Expungement cases are handled on a first-come, first-serve basis with the court that has original jurisdiction over the case, which is where the offender was originally tried. Expungement can take two to five months, depending on the court and number of counts with which the offender has been charged. Those petitioning for an expungement should keep in mind that the 6th Amendment clause does not apply. The clause states, "(i)n all criminal prosecutions, the accused shall enjoy the right to a speedy. . . trial," 1 which is intended to protect defendants from delays between the time that he or she is charged with an offense to the beginning of their trial, and as such does not apply to offenders who have already been convicted. There are a few counties in California that offer an expedited process - Orange County, Santa Clara County, and Fresno County - shortening the process by several weeks. The law allows the court to charge up to $150.00 for the filing fee 2. Otherwise, the filing fee is usually $60.00 or $120.00, depending on the county and the number of cases filed.
After Your California Misdemeanor Has Been Expunged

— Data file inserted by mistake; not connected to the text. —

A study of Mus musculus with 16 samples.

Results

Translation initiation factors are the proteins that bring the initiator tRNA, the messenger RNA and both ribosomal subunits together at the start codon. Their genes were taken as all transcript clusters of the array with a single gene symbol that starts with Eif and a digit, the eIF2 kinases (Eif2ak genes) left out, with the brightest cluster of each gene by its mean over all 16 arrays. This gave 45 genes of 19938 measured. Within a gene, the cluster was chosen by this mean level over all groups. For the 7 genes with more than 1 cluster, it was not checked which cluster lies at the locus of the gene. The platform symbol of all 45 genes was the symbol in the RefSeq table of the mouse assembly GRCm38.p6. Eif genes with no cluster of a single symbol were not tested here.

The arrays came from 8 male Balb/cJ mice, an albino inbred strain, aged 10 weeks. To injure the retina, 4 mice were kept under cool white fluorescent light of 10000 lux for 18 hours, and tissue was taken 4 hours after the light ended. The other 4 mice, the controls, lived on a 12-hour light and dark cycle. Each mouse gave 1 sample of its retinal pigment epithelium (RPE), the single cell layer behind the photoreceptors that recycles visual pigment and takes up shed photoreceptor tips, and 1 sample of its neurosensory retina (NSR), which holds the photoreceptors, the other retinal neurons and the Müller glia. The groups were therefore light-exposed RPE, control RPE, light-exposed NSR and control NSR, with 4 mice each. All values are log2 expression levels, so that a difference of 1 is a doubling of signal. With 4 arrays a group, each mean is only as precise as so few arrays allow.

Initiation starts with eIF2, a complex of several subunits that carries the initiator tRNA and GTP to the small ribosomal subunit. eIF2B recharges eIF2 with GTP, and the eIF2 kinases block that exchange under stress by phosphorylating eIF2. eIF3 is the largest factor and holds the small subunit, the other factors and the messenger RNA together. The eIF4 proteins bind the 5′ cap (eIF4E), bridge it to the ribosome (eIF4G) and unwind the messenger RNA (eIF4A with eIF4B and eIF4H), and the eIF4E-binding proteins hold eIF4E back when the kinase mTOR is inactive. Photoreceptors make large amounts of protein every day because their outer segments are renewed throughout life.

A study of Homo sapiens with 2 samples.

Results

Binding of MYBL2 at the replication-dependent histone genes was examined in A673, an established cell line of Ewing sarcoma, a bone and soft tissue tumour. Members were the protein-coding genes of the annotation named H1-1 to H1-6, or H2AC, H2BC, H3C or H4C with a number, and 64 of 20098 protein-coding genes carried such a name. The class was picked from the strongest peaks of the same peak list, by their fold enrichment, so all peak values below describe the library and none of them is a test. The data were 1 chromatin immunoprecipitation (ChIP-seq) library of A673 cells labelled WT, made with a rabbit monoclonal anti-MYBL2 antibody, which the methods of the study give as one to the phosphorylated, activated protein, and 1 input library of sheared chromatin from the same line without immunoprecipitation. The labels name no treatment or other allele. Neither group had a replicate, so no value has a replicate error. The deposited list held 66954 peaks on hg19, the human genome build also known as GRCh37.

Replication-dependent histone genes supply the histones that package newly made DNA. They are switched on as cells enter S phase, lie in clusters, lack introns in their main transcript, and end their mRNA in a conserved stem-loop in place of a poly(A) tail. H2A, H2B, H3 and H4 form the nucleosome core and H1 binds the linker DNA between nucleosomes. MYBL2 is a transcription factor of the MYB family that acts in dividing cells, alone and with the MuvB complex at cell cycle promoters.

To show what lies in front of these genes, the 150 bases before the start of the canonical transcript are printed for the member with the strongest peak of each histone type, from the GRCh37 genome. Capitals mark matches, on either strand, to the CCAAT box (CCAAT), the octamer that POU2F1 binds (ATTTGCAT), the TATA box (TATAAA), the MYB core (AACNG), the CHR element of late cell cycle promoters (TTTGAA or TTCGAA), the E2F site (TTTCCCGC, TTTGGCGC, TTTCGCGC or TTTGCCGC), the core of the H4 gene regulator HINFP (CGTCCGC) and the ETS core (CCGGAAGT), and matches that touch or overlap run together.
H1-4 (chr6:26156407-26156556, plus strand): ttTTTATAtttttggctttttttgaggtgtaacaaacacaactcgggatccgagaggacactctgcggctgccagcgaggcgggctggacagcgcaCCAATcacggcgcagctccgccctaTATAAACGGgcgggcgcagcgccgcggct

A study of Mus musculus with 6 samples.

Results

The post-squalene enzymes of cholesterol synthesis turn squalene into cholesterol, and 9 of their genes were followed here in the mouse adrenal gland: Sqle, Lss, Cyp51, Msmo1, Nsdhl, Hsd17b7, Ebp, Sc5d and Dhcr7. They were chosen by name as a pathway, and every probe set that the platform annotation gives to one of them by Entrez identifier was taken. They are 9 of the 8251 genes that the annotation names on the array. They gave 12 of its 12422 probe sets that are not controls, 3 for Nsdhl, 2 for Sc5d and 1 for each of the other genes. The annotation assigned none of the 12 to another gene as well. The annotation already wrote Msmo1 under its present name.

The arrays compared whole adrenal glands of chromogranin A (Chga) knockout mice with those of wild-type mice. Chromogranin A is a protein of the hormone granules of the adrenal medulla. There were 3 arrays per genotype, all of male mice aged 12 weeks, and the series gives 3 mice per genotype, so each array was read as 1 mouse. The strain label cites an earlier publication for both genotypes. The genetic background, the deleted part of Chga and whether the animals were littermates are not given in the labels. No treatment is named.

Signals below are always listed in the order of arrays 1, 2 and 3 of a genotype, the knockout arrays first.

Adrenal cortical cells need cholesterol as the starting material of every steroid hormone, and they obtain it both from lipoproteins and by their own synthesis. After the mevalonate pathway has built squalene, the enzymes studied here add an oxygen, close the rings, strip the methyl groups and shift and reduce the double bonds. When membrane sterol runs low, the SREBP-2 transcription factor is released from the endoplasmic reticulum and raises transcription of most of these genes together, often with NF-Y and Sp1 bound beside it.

Once a misdemeanor or felony has been expunged, chances of the offense showing up on background checks is considerably minimized. Standard commercial background checks will most likely not show the conviction. Background checks that require submission of fingerprints and a copy of the California Department of Justice report, however, will show the case, but will show that it was dismissed with no finding of guilt. The only time an expunged record can be used against a former offender is during the sentencing of a subsequent offense, and the only time a former offender has to disclose his or her expungement is when applying for a state license, running for public office, or when contracting with the California State Lottery Commission. Expungement cases may be denied if the judge does not think that granting the expungement is in the interest of society, or if the files or application for expungement are filed inaccurately. Offenses that do not qualify for expungement are typically sex offenses or offenses for which the offender served a prison sentence. To see if you are eligible to have your record expunged, you take take RecordGone.com's free expungement test.Click Here For Test
If You Are Denied Expungement
If you find that you are not eligible for expungement, you may still be eligible to get a certificate of rehabilitation which according to the state of California, shows that the individual is rehabilitated. Where you arrested, but not convicted of a crime? Then you may be eligible for a California record sealing.